Investigator chastises CSC for failing to address complaints adequately prior to riot breaking out
Canada’s Correctional Investigator is laying the blame squarely at the feet of Correctional Services Canada (CSC) for last year’s deadly riot at Saskatchewan Penitentiary.
Ivan Zinger released his annual report earlier this week, and he took significant issue with food conditions and a broken dispute-resolution process that eventually escalated into the “full-scale” riot that left one inmate dead and sent eight more to the hospital.
Damage to some units was so extensive they were left “uninhabitable.”
“Current research suggests that a lot must go wrong, and for quite some time, before a prison erupts in violence,” Zinger wrote in his report.
“Prison administrators have opportunity and warning to address precipitating factors and thereby prevent a full-fledged riot from occurring in the first place. Prison riots are not random or inevitable. They are most likely to occur when a certain threshold of defiance and desperation is reached among a group of prisoners who take matters into their own hands to violently force change or express a long-standing grievance.”
According to the report, there were several demands and complaints made by inmates unhappy with the food, whether it be due to shortages, replacement items, position size or protein allotment. There was also a perceived mistreatment of inmate kitchen workers by CSC staff. Zinger found that last-minute attempts to resolve the issues failed, and tensions escalated. Demands and ultimatums were made on both sides, inmates refused to work and the warden ordered a lockdown.
When the inmates were called to work, they began to riot.
The investigator asked CSC to look into several factors, including the volume and nature of inmate complaints, timely response and resolution of systemic issues, an analysis of disciplinary actions taken and the frequency of disruptions in normal routine.
He also requested that CSC look at the degree of force used in response to events like the riot, as more than 36 kg of pepper spray was used by the guards to get inmates under control. He also questioned whether the use of firearms was necessary, proportionate and reasonable.
Immediately after the riot itself, the correctional investigator’s office sent two senior investigators to Sask. Pen. To identify causes of the riot, and monitor and assess the response.
They immediately noticed prisoners were sleeping in contaminated clothing and bedding, and there were issues with the provision of basic living necessities and access to legal council.
Right away, the office recommended that food quality meets national standards, open dialogue is maintained between management and inmates and the relationships within the kitchen are improved.
Zinger did commend measures taken to deal with outstanding disciplinary charges and recognize how quickly the prison worked to return to normal operations.
Still, he said, it’s clear much more work needs to be done.
“That said, the high number of complaints brought forward to our Office as well as continuing general unrest at this facility suggests that problems of a systemic nature persist. Incredibly, follow-up visits by this Office have noted continuing issues with food at this facility.”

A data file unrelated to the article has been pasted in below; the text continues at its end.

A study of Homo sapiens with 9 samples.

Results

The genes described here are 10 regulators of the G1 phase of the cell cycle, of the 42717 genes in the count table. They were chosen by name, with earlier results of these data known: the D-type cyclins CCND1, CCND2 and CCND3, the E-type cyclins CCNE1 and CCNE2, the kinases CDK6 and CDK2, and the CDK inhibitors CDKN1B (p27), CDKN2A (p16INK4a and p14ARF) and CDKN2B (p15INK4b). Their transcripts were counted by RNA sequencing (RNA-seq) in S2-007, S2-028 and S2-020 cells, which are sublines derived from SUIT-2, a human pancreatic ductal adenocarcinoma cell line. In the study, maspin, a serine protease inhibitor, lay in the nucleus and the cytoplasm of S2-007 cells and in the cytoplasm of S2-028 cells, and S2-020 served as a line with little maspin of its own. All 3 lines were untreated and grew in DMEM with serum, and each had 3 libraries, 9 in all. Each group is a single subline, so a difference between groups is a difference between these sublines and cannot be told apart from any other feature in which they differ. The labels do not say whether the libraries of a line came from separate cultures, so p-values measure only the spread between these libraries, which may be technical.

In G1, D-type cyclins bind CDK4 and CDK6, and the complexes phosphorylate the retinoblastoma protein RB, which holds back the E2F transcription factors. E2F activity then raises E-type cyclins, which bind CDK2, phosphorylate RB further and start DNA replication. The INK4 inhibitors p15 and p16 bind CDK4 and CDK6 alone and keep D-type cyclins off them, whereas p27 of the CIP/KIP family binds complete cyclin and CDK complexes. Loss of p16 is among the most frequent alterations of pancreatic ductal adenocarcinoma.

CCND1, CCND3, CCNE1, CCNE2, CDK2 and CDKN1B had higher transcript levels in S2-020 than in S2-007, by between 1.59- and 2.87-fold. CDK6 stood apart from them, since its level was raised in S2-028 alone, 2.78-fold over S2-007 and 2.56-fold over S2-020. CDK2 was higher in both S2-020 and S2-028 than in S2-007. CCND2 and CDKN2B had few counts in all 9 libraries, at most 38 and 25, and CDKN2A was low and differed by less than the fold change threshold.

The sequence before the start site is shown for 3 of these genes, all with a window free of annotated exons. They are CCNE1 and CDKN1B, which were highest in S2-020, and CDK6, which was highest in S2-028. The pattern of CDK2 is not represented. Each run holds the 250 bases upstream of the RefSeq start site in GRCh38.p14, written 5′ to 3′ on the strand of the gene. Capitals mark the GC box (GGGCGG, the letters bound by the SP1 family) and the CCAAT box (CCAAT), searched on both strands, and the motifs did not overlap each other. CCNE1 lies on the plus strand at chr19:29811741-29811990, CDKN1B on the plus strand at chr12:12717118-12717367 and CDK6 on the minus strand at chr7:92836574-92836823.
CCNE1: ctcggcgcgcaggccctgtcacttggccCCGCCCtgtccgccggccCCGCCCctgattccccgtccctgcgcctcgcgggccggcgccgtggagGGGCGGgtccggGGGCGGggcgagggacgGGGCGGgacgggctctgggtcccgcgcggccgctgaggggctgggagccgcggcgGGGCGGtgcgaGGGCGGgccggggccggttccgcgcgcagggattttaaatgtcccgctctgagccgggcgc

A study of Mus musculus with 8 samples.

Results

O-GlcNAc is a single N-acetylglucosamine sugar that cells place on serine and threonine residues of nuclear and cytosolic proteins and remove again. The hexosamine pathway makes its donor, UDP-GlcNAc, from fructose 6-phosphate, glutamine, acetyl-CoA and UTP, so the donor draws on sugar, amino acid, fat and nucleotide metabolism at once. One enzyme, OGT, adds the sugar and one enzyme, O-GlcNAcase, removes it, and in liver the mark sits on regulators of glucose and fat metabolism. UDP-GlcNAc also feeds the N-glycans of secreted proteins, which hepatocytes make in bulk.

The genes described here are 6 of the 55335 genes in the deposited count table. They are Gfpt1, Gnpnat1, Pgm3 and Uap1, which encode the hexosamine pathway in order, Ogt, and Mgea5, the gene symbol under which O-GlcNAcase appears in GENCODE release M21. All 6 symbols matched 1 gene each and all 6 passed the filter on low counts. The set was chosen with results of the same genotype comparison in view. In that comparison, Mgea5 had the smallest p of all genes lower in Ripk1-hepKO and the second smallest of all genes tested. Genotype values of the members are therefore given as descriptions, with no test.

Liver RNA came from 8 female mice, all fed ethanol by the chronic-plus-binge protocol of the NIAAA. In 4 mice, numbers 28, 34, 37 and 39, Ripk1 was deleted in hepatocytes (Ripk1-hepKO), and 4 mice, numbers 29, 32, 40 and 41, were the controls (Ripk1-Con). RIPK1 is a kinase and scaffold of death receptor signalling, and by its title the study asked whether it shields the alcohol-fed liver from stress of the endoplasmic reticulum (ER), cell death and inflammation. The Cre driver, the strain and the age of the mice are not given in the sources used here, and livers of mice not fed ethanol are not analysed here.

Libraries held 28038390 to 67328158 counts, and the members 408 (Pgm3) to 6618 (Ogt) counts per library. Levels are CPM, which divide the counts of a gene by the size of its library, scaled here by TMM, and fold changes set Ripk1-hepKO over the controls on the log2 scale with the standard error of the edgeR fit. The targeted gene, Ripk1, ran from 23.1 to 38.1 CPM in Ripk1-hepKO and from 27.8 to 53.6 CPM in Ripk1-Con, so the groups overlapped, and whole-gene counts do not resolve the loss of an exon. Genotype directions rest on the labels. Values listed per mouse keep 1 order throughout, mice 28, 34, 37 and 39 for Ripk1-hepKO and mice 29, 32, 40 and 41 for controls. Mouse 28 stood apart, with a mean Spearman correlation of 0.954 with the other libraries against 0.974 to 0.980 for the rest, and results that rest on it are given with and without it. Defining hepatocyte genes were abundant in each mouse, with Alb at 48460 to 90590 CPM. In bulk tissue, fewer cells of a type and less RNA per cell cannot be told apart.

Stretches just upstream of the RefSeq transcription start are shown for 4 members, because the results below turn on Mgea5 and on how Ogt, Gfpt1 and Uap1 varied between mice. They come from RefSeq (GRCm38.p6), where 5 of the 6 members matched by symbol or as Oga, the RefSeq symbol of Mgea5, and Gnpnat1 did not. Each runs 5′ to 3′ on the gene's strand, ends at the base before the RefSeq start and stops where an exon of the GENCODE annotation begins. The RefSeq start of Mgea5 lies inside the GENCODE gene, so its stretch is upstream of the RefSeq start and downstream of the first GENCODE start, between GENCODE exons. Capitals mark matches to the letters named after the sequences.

He took note that Sask. Pen and Stony Mountain are two of the largest and oldest federal penitentiaries in Canada, and house large populations of Indigenous people.
He had stern words for conditions at those two facilities.
“The antiquated conditions of confinement that prevail in these two institutions are not conducive to modern and humane correctional practice, nor responsive to the unique needs of Indigenous prisoners.”
Concluding his look at the incident at Sask. Pen., Zinger recommended that lessons learned from the investigation into the incident be “widely circulated” within CSC and released to the public. He also took a deeper look at the state of food services within the national corrections system.
He detailed the efforts taken by the previous federal government to save $6.4 million in food costs in federal prisons as a part of the deficit reduction plan.
The daily cost to feed an inmate each day is $5.41. They’re given 2,600 calories a day, sufficient for a low-activity man aged 31 to 50.
“When the changes were introduced, inmate grievances related to food spiked,” Zinger said.
“This office is still receiving complaints related to food portion size, quality, selection and substitution of items. Young men up to age 30, who still make up the majority population in federal penitentiaries, require more than the average number of calorie and protein. That simply means more food.”
Zinger recommended CSC have an external audit done on their food services to resolve the complaints and, hopefully, lessen the chance of a riot in the future.
Attached to Zinger’s report was the CSC’s response to his recommendations.
Once CSC’s investigation into the riot is complete, they will send out a bulletin to share any lessons learned from the riot. A summary of the investigation will also be circulated within CSC and released to the public in December.
CSC is also planning an internal audit of food services to be published in the second half of 2018. The agency said they will take the investigator’s recommendation into consideration.